Giuliani: Imam behind NYC mosque plan puts ‘confrontation’ first

Former New York City Mayor Rudy Giuliani (R) on Sunday strongly criticized Feisal Abdul Rauf, the imam seeking to build an Islamic community center and mosque near Ground Zero.

“He seems by his actions to be more interested in confrontation than in healing,” Giuliani said on NBC’s "Meet the Press."

The former mayor alleged that the plan is hurtful to the vast majority of family members of victims of the Sept. 11, 2001 terror attacks.

Giuliani also said the imam has not been transparent about the project’s financing, and cited Rauf’s 2001 comment on CBS’s 60 Minutes that “United States policies were an accessory to the crime that happened.”


Giuliani also compared the imam to Terry Jones, the Florida pastor who had threatened to burn copies of the Quran on Sept. 11 but backed off in recent days.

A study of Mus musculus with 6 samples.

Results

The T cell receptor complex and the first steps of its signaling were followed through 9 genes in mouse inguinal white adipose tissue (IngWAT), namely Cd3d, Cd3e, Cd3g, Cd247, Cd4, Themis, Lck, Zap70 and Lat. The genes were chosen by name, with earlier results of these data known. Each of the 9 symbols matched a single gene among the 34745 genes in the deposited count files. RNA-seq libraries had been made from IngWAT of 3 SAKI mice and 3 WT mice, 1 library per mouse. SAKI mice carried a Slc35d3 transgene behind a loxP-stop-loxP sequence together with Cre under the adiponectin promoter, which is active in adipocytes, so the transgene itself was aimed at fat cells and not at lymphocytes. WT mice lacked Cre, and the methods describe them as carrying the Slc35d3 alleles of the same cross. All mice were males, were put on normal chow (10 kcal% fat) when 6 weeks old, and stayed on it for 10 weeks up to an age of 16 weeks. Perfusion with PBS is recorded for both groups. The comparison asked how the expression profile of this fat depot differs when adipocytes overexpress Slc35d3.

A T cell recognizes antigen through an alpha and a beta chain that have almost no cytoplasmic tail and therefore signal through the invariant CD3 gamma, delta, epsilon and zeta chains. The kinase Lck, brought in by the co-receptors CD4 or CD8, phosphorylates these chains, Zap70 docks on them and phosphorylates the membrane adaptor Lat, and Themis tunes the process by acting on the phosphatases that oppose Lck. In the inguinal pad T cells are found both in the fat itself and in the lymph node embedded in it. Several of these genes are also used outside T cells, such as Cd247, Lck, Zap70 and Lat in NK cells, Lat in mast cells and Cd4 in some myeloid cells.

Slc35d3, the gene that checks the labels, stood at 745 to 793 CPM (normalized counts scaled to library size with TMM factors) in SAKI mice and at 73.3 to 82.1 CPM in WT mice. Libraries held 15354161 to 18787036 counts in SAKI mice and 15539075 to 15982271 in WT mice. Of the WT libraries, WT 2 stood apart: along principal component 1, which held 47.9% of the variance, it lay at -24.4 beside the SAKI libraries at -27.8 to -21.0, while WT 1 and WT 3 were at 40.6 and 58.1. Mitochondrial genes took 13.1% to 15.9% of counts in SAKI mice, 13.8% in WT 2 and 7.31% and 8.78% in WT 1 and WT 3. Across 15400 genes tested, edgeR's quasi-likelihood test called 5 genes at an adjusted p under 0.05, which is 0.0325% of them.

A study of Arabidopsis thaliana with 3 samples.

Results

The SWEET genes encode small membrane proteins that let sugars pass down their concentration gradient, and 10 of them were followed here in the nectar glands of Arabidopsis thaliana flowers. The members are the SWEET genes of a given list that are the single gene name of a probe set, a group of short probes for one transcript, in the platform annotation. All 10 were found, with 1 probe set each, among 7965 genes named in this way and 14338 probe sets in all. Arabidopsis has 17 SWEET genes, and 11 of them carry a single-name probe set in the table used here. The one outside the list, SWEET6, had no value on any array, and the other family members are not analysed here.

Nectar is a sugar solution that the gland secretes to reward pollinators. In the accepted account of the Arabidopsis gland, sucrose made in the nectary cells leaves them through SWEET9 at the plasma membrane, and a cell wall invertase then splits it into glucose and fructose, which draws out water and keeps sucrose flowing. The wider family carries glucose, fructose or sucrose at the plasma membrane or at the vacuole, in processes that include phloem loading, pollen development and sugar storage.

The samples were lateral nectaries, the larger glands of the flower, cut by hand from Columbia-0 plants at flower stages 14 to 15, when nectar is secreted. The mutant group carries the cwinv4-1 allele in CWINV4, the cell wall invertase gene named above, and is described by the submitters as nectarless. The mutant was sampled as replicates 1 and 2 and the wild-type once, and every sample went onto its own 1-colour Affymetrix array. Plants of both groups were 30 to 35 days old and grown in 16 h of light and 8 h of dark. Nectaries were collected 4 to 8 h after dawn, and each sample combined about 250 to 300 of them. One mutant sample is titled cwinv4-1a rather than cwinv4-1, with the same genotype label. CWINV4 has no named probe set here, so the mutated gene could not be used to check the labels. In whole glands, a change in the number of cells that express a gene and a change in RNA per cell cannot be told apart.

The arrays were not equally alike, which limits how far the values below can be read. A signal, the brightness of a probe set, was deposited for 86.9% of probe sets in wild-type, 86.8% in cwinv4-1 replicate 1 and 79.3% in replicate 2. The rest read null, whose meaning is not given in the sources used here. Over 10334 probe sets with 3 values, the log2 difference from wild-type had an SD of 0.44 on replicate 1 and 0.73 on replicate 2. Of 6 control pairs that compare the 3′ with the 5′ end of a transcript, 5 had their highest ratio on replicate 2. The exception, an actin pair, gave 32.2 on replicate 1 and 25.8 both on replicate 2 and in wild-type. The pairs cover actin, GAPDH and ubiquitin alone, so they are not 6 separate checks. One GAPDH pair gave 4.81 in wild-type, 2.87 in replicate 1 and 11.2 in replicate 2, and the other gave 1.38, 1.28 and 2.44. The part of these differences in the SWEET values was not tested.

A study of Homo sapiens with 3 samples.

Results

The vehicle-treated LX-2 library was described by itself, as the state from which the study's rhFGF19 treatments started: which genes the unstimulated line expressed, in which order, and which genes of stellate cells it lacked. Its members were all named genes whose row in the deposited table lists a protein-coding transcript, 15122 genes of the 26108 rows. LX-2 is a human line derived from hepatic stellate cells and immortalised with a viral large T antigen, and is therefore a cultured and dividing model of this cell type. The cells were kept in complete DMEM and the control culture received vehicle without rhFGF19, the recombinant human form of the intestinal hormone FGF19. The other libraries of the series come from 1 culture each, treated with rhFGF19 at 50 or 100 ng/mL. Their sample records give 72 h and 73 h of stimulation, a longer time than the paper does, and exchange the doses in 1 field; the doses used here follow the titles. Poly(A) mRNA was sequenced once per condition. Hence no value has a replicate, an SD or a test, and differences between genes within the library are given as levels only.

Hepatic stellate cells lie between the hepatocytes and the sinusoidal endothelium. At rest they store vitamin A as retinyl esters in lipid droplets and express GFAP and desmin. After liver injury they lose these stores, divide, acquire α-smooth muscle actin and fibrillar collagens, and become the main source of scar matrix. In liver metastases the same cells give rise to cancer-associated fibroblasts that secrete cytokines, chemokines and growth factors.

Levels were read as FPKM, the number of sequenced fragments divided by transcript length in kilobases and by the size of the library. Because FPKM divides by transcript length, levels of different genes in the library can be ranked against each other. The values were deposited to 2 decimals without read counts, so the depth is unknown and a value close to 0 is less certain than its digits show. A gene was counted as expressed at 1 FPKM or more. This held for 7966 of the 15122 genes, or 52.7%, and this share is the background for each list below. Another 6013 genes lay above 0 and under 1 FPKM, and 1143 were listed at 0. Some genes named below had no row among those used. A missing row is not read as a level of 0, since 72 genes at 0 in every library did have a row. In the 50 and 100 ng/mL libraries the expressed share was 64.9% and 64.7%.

“The imam has a right to put the mosque there. Freedom of religion gives him that right. The minister has the right to burn the Quran. The same amendment to the constitution gives him that right,” Giuliani said.

“In either case common sense and a real dedication to healing that these men of god would theoretically have would tell you not to do it because you are hurting too many people,” he added.

In the 2001 interview, Rauf said, “We have been an accessory to a lot of innocent lives dying in the world. In fact, in the most direct sense, Osama bin Laden is made in the USA.”

Rauf addressed the nine-year-old “accessory” comment – which he says has been taken out of context – in an interview on CNN’s Larry King Live that aired last week.

“I was describing the fact that United States had actually worked with the Taliban, cooperated with the Mujahadin. The Mujahadin were VIPs in the Reagan White House administration. And Osama bin Laden was something that we -- the United States cooperated with in fighting the Soviet Union,” he said in the Sept. 8, 2010 interview, according to a CNN transcript.




“However, looking back at it right now, I realize it was not a very compassionate thing to say and I regret having used those words,” he added.